The Oak Fire has now burned 16,791 acres of land and is only about 10% contained, California’s fire department said on Monday.
The blaze has forced the evacuation of over 6,000 people, many of whom have been staying in temporary shelters.
Firefighters are still combating the blaze in steep, rugged terrain.
Mariposa county has set up an emergency evacuation centre for those forced to flee.
There, the BBC saw rows of camp beds arranged in classrooms, with people playing games to try to take their minds of what might be happening to their homes.
As dusk approached on Sunday, the sky over the centre had turned yellow and orange, while a grey streak of smoke hung over the town. One resident remarked how “pretty” it looked, shaking her head.
Among those taking shelter there was Joy, who bought a home in the area during the Covid-19 pandemic. She decided to flee after seeing smoke and flames billowing from the hill where the house is located.
Joy managed to get her pets to safety – but still doesn’t know the condition of her dream home in the mountains.
“I’m just hoping I have something to go back home to,” she told the BBC.
Another evacuee, 10-year-old Taylor – who was in the area visiting her grandmother – recalled receiving an order to leave the area as she and her family were sitting down to eat pizza.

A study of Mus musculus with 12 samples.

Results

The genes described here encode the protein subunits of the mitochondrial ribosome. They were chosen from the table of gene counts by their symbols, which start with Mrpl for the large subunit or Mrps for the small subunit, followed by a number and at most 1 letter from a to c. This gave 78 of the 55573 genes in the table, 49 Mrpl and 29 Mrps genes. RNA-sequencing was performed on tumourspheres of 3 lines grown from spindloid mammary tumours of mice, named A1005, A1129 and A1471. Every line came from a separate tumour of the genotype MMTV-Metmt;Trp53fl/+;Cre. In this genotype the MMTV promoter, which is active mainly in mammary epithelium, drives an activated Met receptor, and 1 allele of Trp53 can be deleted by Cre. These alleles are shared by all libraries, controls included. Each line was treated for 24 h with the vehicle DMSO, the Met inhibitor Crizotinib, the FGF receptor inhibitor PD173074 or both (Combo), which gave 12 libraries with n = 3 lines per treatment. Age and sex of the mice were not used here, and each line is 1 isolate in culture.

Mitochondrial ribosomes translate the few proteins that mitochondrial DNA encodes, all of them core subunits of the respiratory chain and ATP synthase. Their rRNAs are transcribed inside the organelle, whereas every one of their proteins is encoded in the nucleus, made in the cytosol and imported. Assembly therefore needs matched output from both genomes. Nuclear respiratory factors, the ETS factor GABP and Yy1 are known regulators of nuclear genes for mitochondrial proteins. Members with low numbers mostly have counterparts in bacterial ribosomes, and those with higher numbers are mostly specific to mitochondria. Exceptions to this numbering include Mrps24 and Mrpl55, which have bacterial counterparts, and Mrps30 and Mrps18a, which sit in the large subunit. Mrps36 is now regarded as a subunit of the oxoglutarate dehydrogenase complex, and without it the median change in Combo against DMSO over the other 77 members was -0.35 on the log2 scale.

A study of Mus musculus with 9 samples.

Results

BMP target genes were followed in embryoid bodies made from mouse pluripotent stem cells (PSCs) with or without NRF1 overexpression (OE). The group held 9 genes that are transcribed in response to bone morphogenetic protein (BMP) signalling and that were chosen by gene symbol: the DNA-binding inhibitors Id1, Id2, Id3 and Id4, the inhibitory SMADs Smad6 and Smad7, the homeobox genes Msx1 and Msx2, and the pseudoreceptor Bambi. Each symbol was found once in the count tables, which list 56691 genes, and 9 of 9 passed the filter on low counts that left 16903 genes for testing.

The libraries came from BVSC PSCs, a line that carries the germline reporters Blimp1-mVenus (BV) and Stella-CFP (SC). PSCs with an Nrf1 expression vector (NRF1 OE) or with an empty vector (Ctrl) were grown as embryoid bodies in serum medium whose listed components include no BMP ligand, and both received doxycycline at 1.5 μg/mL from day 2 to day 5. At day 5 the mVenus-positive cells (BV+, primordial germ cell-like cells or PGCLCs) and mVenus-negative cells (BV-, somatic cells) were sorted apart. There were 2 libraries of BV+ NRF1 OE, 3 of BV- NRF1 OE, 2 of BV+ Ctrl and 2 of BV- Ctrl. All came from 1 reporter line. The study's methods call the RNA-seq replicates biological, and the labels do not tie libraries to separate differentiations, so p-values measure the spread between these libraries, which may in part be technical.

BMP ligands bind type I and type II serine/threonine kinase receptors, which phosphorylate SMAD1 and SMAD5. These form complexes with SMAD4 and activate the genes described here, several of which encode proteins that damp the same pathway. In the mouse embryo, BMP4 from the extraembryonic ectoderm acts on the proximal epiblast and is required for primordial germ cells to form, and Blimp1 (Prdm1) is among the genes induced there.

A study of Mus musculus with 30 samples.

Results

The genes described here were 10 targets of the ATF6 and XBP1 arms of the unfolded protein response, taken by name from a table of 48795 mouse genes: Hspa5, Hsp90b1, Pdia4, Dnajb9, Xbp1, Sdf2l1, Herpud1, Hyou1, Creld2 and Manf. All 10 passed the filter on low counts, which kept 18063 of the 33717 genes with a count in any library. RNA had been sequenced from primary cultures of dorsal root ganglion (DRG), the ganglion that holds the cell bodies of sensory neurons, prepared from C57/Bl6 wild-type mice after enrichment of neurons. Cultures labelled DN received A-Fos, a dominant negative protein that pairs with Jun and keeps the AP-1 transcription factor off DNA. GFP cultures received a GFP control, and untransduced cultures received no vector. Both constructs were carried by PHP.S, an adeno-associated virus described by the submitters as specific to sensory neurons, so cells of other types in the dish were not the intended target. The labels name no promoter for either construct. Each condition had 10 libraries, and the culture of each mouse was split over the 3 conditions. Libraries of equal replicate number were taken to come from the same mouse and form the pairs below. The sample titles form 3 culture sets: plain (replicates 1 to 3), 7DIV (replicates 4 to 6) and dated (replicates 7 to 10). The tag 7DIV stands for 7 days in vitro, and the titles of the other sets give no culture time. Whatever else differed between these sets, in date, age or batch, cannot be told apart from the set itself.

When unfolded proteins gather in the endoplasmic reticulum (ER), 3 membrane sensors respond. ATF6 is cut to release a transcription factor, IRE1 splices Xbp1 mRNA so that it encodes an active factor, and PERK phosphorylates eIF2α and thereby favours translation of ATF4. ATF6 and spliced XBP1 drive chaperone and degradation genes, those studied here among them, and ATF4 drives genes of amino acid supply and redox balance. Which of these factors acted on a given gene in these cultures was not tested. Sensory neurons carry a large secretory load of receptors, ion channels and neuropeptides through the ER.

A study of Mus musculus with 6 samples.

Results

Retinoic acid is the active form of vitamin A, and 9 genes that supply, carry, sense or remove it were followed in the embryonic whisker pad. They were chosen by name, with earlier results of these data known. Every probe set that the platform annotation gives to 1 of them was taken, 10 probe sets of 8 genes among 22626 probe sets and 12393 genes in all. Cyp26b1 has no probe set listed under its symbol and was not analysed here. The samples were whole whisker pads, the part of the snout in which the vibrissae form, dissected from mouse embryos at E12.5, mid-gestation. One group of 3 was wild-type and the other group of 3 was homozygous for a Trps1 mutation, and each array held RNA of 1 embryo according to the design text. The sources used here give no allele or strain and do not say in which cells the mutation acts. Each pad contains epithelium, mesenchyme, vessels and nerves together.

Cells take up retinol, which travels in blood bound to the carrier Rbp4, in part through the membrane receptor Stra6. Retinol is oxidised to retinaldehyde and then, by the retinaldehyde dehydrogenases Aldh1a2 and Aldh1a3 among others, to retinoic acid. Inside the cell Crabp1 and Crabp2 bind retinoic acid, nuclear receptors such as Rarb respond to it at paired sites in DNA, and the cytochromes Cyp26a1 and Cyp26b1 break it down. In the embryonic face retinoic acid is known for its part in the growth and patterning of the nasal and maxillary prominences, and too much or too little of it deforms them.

“It was so scary,” she said. “I just wanted to get out of there”.
At least seven structures have so far been confirmed damaged.
A further 3,271 buildings – both homes and businesses – were under threat as of late Sunday, the California Department of Forestry and Fire Protection (Cal Fire) reported.
The scale of the blaze marks an ominous start to California’s wildfire season and officials have warned that a combination of drought, climate change, and overgrown vegetation are posing significant challenges and increasing the chances of the fire spreading rapidly.
Much of the United States is sweltering through a heatwave and heat advisory warnings are in effect in more than a dozen states. Temperatures in Mariposa County hit 100F (38C) on Sunday, and are expected to stay high for the next few days.
Yosemite National Park, which lies to the north-east of where Oak Fire is burning, is home to some of the largest and oldest sequoia trees in the world. The redwoods were threatened by another blaze earlier this month, but firefighters managed to save them.
Climate change increases the risk of the hot, dry weather that is likely to fuel wildfires.
The world has already warmed by about 1.1C since the industrial era began and temperatures will keep rising unless governments around the world make steep cuts to emissions.
Several European governments have struggled to contain dozens of separate wildfires which have ripped across the continent in recent weeks.